25 July 2014 | son_of_cheese_messiah
Although spoken of in the same breath as Batman The Animated Series, TSSM is not of that stature. It has aged less well even in the 5 years that have passed than BTAS has in almost 20. In contrast to BTAS stylish and stylised animation, a combination of 1940s and the futuristic, TSSM is set in a routine and blandly depicted New York.
The characters are rather childishly drawn, with disproportionately large hands and feet and, more annoyingly, with big puppy dog eyes. This would be fine in a cartoon aimed specifically at young children, but TSSM affects some attempts at realism and even some darkness, so it seems misplaced. The threat of the Green Goblin, in particular, is undermined by his appearance, which makes him seem like a typical cartoon monster seen in Scooby Doo.
The stories themselves are largely adapted from the earliest Spiderman stories from the 1960s. with some additional characters imported from later periods (Black Cat, Venom, Tombstone). These adaptations are fairly loose with the originals and throw in a few surprises, such as the identity of The Green Goblin.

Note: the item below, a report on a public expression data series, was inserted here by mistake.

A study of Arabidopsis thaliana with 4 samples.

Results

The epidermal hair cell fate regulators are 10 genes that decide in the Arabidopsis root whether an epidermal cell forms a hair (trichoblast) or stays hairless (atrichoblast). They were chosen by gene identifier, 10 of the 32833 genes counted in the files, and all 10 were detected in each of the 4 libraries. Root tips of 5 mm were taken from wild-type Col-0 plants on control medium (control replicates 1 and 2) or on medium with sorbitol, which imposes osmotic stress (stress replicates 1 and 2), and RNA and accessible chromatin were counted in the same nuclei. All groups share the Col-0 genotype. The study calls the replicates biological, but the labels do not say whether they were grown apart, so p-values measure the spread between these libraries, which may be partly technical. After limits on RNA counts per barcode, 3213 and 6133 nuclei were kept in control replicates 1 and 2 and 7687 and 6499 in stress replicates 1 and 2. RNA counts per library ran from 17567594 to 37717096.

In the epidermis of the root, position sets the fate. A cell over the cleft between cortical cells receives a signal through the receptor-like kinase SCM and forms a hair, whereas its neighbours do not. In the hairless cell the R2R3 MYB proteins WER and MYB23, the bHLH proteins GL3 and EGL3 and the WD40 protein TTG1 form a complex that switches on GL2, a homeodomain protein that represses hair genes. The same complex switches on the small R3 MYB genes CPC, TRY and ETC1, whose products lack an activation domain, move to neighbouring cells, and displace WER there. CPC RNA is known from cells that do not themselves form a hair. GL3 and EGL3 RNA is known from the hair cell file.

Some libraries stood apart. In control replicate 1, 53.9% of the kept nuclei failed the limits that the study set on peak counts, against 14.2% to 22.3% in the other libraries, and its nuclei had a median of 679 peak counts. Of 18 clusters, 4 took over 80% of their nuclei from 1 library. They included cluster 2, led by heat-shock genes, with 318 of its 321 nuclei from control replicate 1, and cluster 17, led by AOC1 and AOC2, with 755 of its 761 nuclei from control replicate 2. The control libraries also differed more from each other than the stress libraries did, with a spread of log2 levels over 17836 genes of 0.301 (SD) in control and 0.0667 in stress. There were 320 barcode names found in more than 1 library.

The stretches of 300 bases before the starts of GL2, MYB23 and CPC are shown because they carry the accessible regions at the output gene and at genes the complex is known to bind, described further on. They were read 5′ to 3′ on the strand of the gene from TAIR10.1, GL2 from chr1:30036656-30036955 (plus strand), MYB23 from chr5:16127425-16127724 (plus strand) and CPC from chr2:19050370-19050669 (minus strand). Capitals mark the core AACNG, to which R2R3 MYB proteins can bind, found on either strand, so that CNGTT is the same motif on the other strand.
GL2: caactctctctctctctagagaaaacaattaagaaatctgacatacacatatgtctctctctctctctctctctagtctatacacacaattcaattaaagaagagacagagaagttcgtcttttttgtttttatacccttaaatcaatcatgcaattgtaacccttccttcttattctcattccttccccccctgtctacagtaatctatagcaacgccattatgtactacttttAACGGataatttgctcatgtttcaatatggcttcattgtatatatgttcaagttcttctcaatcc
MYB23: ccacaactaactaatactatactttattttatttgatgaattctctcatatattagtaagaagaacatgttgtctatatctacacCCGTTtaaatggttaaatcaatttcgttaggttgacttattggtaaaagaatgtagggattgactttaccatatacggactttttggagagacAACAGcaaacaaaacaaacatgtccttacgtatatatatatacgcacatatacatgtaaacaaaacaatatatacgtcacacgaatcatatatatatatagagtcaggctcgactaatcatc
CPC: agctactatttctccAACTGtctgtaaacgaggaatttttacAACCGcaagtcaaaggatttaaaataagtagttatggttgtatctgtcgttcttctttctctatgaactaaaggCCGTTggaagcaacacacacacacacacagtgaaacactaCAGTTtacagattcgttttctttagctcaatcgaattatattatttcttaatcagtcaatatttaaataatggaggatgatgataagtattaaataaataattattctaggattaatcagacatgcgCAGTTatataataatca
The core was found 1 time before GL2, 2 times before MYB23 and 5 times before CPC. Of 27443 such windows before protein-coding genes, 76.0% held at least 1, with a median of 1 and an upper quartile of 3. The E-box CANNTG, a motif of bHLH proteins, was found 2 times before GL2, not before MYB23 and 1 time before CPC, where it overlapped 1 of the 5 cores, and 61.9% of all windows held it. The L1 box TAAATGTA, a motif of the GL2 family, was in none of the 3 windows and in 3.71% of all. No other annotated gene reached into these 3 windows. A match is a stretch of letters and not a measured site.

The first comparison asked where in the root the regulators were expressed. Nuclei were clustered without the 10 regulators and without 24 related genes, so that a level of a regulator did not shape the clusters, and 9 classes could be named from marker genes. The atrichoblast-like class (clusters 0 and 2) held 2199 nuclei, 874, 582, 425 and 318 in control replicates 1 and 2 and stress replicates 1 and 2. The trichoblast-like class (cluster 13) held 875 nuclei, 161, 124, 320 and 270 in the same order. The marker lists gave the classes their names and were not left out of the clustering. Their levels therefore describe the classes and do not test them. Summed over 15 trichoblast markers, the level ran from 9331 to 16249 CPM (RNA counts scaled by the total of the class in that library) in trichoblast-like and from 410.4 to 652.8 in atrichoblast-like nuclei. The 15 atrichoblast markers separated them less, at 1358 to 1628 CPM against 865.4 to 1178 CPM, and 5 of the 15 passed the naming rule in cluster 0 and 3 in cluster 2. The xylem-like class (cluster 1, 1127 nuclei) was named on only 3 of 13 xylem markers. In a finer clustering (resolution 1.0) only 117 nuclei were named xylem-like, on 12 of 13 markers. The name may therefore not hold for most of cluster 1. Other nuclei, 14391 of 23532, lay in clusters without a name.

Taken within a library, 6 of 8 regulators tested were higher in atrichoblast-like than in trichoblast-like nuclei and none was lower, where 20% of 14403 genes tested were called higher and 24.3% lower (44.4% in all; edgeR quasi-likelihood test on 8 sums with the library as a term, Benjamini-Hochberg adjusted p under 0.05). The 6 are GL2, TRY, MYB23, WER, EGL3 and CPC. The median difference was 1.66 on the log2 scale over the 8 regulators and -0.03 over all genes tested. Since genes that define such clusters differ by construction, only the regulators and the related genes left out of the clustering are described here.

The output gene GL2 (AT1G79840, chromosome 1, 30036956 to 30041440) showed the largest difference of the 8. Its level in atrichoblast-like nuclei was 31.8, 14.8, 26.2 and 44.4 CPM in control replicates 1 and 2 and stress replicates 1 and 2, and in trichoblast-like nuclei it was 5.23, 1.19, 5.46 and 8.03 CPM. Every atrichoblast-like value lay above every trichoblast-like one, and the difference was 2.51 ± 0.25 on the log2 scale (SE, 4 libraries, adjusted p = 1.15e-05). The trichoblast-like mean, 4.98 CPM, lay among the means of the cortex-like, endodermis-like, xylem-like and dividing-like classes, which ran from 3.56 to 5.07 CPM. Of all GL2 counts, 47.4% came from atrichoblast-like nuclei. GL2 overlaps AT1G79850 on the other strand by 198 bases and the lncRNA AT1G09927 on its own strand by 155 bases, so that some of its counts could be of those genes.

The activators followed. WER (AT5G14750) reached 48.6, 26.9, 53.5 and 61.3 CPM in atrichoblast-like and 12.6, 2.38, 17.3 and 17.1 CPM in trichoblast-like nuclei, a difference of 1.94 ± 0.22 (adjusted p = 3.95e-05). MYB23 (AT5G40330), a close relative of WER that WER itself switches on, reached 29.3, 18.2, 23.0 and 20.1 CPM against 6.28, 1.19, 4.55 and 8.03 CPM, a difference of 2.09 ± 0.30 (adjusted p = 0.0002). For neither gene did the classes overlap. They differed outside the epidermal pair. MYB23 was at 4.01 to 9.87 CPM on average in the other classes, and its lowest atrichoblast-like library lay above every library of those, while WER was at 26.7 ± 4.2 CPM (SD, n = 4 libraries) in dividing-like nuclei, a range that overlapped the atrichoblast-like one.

There are so many in-reference to the early 60s Spiderman that I wonder what the purpose of them is and who it is aimed at. For instance, "The Big Man" was (in the comic) an alias of Frederick Foswell, who does indeed appear in this series. But here The Big Man is soon revealed to be Tombstone who immediately says his real name as L. Thompson Lincoln. He is then confusingly referred to sometimes as The Big Man, Tombstone or Lincoln. So why call him The Big Man at all, except as a homage to the early comics? To add to the confusion (at least to someone familiar to the original comics) Foswell sometimes appears under his other alias Patch.
Another in-joke is a poster of a werewolf which appears just before we see John Jameson on-board a space craft. Long term comic fans will know that John actually becomes a Wolf man later on as a direct result of his space mission, but the reference will be lost on 99% of the viewers.
The original 1960s series is updated to the 2000s with constant mentions of E-mail and mobile phones. Mobiles in particular are put into the stories with little effect. The first time that Peter Parker's mobile rings in the middle of a fight with a super-villain, its amusing, but the joke is used repeatedly.
The fight scenes, particularly those with multiple opponents are excitingly well done.